Too big to fail. Term used to denote a bank that would substantially damage the financial system and the rest of the economy should it fail. See also Systemically Important Financial Institution.
Minimum requirements that firms must meet at all times in order to be permitted to carry on the regulated activities in which they engage. Firms will need to meet both FCA-specific and PRA-specific Threshold Conditions under the UK regulatory framework.
Tier 1 Capital
The highest quality form of a bank’s capital. It is composed of core capital, which consists primarily of common stock and disclosed reserves (or retained earnings), perpetual non-cumulative preference shares and innovative tier one capital. Under Basel III, innovative hybrid capital instruments with step-up clauses are being phased out.
Tier 2 Capital
Tier 2 capital is supplementary bank capital that includes items such as undisclosed reserves, general loss reserves, hybrid debt/equity capital and subordinated debt of a financial institution.
Tier 3 Capital
Also called Ancillary capital. This short-term subordinated debt was used under Basel II to support market risk from trading activities. This type of capital is abolished under Basel III.
Total Capital Requirement
Total Loss-Absorbing Capacity
A trading book consists of positions in financial instruments and commodities held either with intent to trade, or in order to hedge other elements of the trading book. To be eligible for trading book capital treatment, financial instruments must either be free of any restrictive covenants on their tradability, or able to be hedged completely. In addition, positions should be frequently and accurately valued, and a portfolio should be actively managed.
The Standardised Approach to Operational Risk under Basel II.
Through the Cycle. The recurring and fluctuating levels of economic activity experienced over a long period of time. In the context of an internal ratings system, an approach that leaves a borrower's rating unchanged over the course of the credit business cycle, but that expects default levels for each grade to vary with the cycle.
A Core Funding Ratio that represents the total of retail deposits plus long-term wholesale funding (over 1 year) as a proportion of total liabilities.
Undertaking for Collective Investments in Transferable Securities. UCITS are collective funds which can be sold across national borders within the EU in accordance with the UCITS Directive.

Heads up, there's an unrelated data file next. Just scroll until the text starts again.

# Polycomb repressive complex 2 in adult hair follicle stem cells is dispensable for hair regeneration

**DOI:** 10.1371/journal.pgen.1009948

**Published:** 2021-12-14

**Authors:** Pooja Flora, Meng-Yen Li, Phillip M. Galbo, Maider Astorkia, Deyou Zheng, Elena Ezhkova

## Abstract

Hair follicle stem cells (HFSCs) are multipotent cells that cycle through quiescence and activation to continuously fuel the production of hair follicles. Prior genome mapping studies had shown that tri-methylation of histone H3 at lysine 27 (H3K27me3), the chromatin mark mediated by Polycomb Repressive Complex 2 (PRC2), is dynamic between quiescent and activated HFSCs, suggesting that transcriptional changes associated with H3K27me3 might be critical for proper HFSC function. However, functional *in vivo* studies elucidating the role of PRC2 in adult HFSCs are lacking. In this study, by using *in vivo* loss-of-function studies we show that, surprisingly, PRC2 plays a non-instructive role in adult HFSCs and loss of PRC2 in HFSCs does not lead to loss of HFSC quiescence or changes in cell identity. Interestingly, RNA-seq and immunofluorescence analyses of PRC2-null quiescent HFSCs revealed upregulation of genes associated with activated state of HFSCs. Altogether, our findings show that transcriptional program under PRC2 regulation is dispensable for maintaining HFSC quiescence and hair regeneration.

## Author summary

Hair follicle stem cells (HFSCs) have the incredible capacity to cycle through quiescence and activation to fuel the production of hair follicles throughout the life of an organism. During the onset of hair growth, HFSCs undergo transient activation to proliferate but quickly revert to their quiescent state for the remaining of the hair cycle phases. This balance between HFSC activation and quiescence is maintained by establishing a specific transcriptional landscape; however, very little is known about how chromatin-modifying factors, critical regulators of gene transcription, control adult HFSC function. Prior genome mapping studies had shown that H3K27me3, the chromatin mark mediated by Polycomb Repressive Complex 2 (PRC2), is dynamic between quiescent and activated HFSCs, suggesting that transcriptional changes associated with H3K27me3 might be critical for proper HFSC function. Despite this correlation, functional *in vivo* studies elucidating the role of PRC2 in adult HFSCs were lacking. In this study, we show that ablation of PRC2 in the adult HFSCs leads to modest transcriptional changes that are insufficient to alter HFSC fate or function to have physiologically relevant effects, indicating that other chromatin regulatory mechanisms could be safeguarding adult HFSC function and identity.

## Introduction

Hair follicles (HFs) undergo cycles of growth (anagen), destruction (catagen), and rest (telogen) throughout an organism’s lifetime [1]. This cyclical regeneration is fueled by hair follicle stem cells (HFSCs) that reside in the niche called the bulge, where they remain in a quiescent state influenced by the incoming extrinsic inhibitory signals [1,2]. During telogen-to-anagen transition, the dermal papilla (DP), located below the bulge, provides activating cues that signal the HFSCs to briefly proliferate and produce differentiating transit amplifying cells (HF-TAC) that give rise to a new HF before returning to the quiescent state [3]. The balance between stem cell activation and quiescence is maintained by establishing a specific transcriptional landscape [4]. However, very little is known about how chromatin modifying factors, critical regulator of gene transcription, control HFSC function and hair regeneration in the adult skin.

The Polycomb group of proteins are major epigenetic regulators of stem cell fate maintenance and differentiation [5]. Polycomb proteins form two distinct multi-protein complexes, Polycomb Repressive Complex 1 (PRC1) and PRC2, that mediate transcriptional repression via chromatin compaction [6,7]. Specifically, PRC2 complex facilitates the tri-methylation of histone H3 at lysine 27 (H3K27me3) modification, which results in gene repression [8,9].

Assets not pledged (either explicitly or implicitly) to secure, collateralise or credit enhance any transaction. For regulatory purposes, assets received in reverse repo transactions that have not been rehypothecated (and legally available for the bank’s use) are considered ‘unencumbered’.
Where a bank has committed to the sale of equity or other security, but the payment and delivery has not yet been settled.
The process by which a bank ensures that an IRB or similar system is producing accurate and consistent results in line with its underlying objectives and regulatory requirements.
Value at Risk model
A statistical technique designed to give an estimate of the maximum loss that could be made for a given factor of confidence over a set time horizon under normal market conditions.
Fund made available for start up firms and or small businesses with exceptional growth potential.
The amount of uncertainty or risk about the size of changes in the value or measure of an asset or liability. For example, provisions for loan defaults may assume average expected losses. The potential for eventual losses, and therefore provisions, to vary from this expectation is a source of volatility risk.
Voluntary Requirement (VREQ)
An agreement with the PRA under which a bank agrees not to use any CET1 capital maintained to meet its ICG to also meet the CRD IV combined buffer. Although ‘voluntary’, if a bank does not accept the PRA’s invitation to apply for a VREQ, the PRA will consider using its powers to impose one of its own initiative.
A direction waiving or modifying a rule set by the supervisory authority.
See Wrong-Way Risk.
The risk that arises when the exposure at default is positively (adversely) correlated to the probability of default (or credit quality of the counterparty). Put another way, when default risk and credit exposure increase together.